Filefish are one of those forgotten groups in our hobby. Not generally thought of as reef safe, too timid for the typical fish-only setup (where their relatives, the Triggerfish, tend to be more obvious choices), the Filefish are relegated to the curiosities, the afterthoughts. ORA’s latest captive-breeding first, the Whitespotted Pygmy Filefish, aka. Rudarius ercodes, puts the filefish family at the forefront yet again.
Filefish have been one of those groups that breeders are able to chip away at, with Acreichthys tomentosus, the Bristletail (and Aiptasia-eating) Filefish, being the first known species successfully bred in captivity by Iris Bönig in 2007. I (Matt Pedersen), quickly followed up with the 2nd species, the Harlequin or Orange Spotted Filefish, Oxymonacanthus longirostris, in 2008. Both species are, in some senses of the terms, “moderately reef safe”, and perhaps are part of the reason that more people are looking at them these days.
Other breeders worked feverishly to add a third species, most notably perhaps being Dominick Cirigliano who successfully spawned, but failed to rear Rudarius ercodes despite good attempts. Cirigliano also at minimum spawned A. tomentosus again, as well as documenting what was probably the first spawn of a Pervagor species. During the time other breeders, including Andrew Berry and Chad Vossen (and undoubtedly others) were able to re-spawn O. longirostris as well, but no successful rearings were reported. I tried feverishly to break new ground, and in 2013 came close with documented spawnings of both the Red Sea Longnosed Filefish, Oxymonacanthus halli, and the Radial Filefish, A. radiatus, but neither resulted in successful rearing. I would not be surprised to learn of other attempts with other species.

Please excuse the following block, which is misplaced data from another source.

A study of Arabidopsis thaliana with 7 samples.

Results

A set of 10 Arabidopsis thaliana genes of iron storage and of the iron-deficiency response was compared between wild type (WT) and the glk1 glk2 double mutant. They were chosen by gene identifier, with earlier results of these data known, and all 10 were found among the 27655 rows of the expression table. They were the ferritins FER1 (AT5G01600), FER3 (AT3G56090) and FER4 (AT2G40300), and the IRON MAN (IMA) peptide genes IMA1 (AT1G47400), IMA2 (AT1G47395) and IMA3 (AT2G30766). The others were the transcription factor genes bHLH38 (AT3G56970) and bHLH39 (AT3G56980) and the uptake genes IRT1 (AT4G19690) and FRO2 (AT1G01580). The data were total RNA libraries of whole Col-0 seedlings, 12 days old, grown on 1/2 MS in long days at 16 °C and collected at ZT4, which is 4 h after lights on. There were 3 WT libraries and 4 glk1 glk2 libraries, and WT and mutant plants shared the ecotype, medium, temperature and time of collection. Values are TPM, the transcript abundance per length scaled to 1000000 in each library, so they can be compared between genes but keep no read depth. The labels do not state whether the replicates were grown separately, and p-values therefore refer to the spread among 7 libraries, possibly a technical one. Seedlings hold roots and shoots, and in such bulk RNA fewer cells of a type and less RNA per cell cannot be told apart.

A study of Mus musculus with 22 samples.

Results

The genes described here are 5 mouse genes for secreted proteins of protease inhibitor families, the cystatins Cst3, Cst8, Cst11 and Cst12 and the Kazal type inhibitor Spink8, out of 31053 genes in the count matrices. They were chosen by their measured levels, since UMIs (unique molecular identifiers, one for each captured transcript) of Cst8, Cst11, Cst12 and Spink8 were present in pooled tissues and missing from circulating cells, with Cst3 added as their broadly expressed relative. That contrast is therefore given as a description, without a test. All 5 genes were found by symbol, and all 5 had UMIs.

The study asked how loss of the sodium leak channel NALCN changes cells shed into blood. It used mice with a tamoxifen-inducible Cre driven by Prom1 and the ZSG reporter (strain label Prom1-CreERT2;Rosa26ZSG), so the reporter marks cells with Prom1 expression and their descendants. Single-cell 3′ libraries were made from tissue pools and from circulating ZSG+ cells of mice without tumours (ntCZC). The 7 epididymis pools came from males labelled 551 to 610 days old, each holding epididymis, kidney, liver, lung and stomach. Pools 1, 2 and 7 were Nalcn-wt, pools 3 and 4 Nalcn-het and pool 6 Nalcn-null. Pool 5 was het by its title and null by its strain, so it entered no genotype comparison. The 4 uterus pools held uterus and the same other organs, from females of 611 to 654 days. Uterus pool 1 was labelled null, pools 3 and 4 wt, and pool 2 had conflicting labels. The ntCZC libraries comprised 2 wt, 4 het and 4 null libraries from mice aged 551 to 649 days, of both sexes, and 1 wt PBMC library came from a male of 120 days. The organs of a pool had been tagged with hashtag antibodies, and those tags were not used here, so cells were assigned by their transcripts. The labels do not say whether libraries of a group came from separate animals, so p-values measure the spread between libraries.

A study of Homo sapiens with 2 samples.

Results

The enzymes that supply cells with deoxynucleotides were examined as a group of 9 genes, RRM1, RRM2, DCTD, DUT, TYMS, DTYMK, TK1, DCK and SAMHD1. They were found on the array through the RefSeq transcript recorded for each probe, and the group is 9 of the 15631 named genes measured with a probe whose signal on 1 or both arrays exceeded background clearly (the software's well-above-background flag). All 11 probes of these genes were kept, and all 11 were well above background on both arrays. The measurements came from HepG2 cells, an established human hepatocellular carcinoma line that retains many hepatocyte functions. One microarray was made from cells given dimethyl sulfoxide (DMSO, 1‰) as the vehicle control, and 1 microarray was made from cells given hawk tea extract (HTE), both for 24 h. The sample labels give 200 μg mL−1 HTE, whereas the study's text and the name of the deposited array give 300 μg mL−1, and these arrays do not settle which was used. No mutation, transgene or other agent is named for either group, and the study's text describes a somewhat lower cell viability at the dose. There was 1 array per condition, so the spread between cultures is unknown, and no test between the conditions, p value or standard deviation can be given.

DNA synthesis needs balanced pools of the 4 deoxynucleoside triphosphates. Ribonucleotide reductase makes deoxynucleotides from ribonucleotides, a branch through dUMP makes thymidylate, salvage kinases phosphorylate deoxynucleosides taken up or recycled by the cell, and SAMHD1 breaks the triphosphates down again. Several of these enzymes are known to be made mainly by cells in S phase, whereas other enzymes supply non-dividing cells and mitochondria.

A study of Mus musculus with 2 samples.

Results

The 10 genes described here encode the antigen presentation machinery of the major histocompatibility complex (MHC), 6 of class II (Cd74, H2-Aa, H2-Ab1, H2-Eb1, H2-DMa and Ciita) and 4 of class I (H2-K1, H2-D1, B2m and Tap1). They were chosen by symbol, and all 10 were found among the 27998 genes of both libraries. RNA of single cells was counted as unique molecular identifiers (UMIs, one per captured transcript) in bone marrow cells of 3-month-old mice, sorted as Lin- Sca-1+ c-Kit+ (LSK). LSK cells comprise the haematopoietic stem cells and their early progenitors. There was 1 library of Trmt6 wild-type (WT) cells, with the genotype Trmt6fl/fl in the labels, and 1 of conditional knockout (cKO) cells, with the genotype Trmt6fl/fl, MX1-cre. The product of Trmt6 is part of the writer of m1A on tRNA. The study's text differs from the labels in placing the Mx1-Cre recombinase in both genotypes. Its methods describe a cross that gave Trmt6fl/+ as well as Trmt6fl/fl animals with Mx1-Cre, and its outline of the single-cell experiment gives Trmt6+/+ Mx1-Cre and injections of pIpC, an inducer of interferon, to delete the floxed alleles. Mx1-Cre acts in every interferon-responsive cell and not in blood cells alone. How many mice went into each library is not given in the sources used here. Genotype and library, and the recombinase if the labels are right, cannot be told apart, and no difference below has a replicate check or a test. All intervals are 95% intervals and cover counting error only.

And so it goes, after a bit of a dry spell on the filefish breeding front, ORA claims the newest captive-breeding first in the Monacanthid family with the tiny, and very agreeable Rudarius ercodes. ORA notes that despite this species “temperate” range, it has done perfectly fine at typical tropical temperatures. Additionally, in their estimation, this species is probably one we can consider “reef safe” as well.
The filefish in general have proven to be great breeding projects; being demersal spawners with tiny eggs that hatch as prolarvae, they come very close to being the equivalent of virtually all pelagic spawners, having tiny larvae that hatch out as prolarvae (no eyes, no gut, no mouth etc…). Some species even tend their nests, typically spawned in sand or patches of algae. It’s been far too long (6 years) since a Filefish was added to our list of captive-breeding accomplishments – BRAVO ORA!